The Hamlet Apocalypse
I am not bound to please thee with my answers. William Shakespeare.
This quote from the show’s promotions informs my impressions here.
I cannot accept that theatre should be nihilist. What happened onstage reflected what we experienced in a 70s QTC actor/director training course that included Geoffrey Rush, Bille Brown and a nun in our class of 20 plus. Explorations were no-holds-barred but, while valuable to us participants, outcomes were not exposed to the public for their criticism.
Recently I defined my personal criteria for creative writing (with overlaps for drama): Engage me; Hold my attention; Involve me with interesting characters; Make me care; Leave me satisfied or provoked or surprised.
From the start, this show alienated me: I abhor cross-stage lighting patterns that illuminate only one side of an actor. (Invariably another actor stands in the light and puts them in the dark.) Then I discovered the concept here was breaking existing theatre conventions. OK. Then came all the dust: Interesting, but all I could think of was the actors’ health.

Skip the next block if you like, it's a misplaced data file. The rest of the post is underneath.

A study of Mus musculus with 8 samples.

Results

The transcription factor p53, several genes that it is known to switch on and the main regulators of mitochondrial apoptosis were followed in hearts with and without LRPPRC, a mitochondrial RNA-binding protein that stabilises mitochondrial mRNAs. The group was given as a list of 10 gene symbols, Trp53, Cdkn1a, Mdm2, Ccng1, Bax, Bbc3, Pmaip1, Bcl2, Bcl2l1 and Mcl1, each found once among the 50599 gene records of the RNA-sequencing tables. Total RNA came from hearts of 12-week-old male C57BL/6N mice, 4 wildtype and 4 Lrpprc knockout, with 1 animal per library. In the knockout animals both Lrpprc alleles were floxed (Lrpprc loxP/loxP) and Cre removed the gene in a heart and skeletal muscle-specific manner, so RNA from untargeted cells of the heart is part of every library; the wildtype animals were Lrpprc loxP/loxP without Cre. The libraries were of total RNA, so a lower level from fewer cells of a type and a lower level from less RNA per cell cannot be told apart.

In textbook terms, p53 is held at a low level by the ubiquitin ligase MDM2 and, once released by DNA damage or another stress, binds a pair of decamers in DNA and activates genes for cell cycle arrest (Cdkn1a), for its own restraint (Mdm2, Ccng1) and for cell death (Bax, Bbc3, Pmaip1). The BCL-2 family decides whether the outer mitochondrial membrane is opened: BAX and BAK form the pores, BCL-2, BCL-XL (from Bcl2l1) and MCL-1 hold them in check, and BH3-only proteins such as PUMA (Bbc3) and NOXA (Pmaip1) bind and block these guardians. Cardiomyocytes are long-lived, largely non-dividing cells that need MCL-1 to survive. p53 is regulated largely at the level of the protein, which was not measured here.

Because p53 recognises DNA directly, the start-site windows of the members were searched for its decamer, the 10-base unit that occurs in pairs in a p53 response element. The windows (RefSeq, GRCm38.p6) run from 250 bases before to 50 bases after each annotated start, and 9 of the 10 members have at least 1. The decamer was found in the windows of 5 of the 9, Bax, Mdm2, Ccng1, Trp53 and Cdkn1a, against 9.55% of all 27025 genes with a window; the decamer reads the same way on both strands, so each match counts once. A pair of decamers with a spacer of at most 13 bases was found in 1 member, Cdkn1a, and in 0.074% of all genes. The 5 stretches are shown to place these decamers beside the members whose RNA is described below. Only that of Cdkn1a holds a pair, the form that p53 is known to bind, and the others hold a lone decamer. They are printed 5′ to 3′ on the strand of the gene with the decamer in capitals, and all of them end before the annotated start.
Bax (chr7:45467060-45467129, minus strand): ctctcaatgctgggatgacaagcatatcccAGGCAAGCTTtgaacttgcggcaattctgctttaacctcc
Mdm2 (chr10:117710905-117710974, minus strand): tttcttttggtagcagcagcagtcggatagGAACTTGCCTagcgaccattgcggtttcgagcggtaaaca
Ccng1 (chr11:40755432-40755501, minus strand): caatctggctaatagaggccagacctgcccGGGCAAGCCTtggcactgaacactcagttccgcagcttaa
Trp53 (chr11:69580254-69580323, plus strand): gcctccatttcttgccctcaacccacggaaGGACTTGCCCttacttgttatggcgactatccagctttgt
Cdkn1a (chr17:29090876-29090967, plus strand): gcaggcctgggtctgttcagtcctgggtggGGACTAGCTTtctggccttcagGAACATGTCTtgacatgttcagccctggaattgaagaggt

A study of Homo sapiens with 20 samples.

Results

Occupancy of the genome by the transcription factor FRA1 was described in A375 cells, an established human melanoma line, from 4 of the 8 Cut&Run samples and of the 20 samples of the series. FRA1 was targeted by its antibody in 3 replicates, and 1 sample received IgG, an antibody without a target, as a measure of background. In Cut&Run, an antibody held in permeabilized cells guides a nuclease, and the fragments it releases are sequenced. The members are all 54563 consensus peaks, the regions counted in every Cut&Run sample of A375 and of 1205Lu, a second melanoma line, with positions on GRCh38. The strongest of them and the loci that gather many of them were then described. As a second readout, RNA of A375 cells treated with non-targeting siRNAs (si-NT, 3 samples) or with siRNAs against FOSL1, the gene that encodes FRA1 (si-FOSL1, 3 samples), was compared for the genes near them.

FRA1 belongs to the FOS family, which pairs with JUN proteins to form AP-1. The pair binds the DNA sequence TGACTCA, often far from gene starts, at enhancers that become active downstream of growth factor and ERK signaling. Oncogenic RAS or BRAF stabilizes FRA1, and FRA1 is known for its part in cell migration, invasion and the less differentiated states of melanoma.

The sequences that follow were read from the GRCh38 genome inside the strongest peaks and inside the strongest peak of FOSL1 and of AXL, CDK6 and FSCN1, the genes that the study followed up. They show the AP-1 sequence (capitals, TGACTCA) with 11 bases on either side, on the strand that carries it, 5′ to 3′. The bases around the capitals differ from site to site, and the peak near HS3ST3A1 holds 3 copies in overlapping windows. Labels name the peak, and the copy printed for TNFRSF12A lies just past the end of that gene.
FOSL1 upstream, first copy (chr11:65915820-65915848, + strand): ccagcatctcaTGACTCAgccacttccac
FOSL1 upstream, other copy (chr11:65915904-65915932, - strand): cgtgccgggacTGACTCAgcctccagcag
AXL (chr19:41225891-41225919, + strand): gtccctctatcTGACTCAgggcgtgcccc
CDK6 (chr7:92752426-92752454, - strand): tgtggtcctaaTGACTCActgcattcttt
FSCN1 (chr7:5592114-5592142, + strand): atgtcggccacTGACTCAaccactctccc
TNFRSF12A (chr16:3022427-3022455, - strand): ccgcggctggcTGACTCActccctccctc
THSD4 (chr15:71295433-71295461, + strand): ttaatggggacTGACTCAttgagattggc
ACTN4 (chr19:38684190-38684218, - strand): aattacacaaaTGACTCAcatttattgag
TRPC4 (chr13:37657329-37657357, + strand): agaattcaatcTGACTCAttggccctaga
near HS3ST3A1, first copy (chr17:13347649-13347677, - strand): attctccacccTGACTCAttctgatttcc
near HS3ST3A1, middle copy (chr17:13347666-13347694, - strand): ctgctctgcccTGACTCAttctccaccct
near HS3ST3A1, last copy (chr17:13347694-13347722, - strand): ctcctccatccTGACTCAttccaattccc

Trying to perform (the essence of) Hamlet before the apocalypse (including a countdown with bright flashes and savage explosions) didn’t fulfil many of my criteria.
Yet there were many positive points: inspired improvisations, energetic performances, commitment, and confidence of actors tapping into their gut reaction. They ‘believed’ even when I didn’t.
There are obviously audiences for this type of dig-deep theatre relevant to this modern generation. Go for it.